A regular winter visitor to the UK, the long-tailed duck is a species which dies in unsustainable numbers in the Baltic Sea
Image: Steve Round
Today, after a long fight, the European Commission has finally launched an EU Plan of Action to reduce seabird bycatch: the incidental deaths of seabirds ensnared in fishing gears.
The RSPB along with its EU partners have advocated for an action plan since 2001, when the European Commission first committed to proposing one. Since then, we estimate that over two million seabirds have died in the fishing gears of vessels in EU waters alone, not counting the additional impact of EU-flagged vessels operating in the southern oceans where bycatch is held mainly responsible for 17 out of 22 albatross species being threatened with extinction.
We applaud the EU for finally calling time on the needless deaths of seabirds
Martin Harper, Director of Conservation said: “We applaud the EU for finally calling time on the needless deaths of seabirds. The RSPB is ready to work together with fishing communities to put the plan into action both here and abroad.” He continued: “However, the plan is essentially voluntary and to have real teeth it needs to be underpinned with legally binding measures under the Common Fisheries Policy, in particular to require fishing boats to use the technical fixes known to avoid catching birds, and to collect data on seabird bycatch.”
The EU Seabird Plan of Action aims to minimise and, where possible, eliminate the bycatch of seabirds in EU and external waters. It sets out to achieve this through a range of actions, notably calling on vessels to apply mitigation measures to prevent seabirds coming into contact with fishing gears. Other key areas cover research and development, and awareness-raising and training for fishermen. The RSPB considers the plan to be best practice, drawing heavily on other regions of the world where non-EU fleets have already embraced the often simple solutions proven to stop seabirds being killed.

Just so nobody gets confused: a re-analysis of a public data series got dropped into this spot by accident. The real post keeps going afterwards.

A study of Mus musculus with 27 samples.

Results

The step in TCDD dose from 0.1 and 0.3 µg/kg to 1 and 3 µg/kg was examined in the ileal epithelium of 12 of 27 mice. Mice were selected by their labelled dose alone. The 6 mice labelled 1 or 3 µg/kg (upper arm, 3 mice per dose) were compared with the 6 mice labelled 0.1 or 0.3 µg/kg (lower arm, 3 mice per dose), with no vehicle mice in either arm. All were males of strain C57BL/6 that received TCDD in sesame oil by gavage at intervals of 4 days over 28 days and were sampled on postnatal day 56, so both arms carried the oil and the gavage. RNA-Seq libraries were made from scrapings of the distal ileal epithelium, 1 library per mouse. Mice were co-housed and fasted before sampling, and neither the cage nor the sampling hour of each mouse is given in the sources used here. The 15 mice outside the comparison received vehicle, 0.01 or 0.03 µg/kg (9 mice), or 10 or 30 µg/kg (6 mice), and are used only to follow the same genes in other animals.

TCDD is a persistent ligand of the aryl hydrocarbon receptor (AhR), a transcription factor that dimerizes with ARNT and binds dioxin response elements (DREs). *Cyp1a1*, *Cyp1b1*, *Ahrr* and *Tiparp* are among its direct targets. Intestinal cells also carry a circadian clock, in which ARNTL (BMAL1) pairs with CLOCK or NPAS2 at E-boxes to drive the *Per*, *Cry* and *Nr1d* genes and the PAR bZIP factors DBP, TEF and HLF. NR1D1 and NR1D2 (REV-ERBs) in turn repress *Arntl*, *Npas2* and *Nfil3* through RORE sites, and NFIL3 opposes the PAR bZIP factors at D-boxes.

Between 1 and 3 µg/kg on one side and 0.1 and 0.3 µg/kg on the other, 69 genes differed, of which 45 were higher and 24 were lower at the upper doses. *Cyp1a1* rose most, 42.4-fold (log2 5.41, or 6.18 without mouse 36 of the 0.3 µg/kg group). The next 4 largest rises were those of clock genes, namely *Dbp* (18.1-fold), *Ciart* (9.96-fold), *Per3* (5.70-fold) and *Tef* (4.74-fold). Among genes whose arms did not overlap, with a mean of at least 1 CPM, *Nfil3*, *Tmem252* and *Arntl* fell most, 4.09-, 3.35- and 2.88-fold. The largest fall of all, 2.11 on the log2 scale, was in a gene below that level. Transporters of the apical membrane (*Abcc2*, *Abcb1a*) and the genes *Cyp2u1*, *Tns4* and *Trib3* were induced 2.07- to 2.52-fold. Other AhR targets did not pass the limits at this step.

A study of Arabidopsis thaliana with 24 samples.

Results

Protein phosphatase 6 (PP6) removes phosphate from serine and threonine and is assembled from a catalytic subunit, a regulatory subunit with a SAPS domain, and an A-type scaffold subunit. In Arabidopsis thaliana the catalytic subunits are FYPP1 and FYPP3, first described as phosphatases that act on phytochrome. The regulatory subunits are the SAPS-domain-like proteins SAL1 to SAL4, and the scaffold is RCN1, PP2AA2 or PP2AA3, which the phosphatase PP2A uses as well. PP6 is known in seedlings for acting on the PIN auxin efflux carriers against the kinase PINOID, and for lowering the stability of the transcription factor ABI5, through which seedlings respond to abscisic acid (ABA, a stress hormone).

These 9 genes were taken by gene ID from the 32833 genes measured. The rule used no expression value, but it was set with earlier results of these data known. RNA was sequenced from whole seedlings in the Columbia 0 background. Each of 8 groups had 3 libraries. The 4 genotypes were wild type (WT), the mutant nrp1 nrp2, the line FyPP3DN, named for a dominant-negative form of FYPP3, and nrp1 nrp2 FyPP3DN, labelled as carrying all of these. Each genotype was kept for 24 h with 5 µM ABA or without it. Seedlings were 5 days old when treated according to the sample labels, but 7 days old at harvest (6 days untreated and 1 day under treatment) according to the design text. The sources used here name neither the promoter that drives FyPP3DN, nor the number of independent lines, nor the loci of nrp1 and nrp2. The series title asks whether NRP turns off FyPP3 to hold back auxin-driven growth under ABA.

Of the species which are heavily affected by bycatch in European waters, three occur regularly in the UK. All three are cited as threatened with global extinction with seabird bycatch being listed as a major threat. The Balearic shearwater – a dove-sized relative of the albatross – visits the English Channel and South Western Approaches regularly in autumn and winter, while the velvet scoter and long-tailed duck are sea ducks which regularly winter along the UK’s North Sea coast.
Euan Dunn, Head of Marine Policy at the RSPB, UK, stated: “Seabirds are among our most visible and iconic indicators of ocean health, and experience tells us that responsible fishermen would much rather catch fish than birds, if only they had the means to do so. This desperately overdue EU Seabird Plan of Action now gives Member States and the fishing industry a golden opportunity to do that, and we trust they will seize it. For the most threatened species like Balearic shearwater there is no time to waste so we need emergency action to tackle their fatal attraction to fishing gear.”
In EU waters, most seabird bycatch arises from gillnets and longlines, but to a lesser extent also trawls and purse seine nets. At least 100,000 birds are killed every year in gillnets in the Baltic Sea and eastern North Sea. A Spanish longline fishery for hake off south-west Ireland is estimated to kill tens of thousands of seabirds annually, mostly great shearwaters. This slaughter flies in the face of the EU Birds Directive which is meant to protect European seabirds, including globally threatened species which are caught and drowned in EU fishing gears.
It is therefore a vital first step that the Seabird Action Plan has finally seen the light of day. Following the European Commission’s proposal, it will be up to Member States to endorse the plan in Council, and then to translate it into effective measures in their national waters and also on the high seas, governed by the tuna Commissions, where EU-flagged vessels also roam.
Current proposals to create marine protected areas in the waters of each country offer almost no protection for seabirds. With the support of people like you, we can continue to fight for better protection for our seas.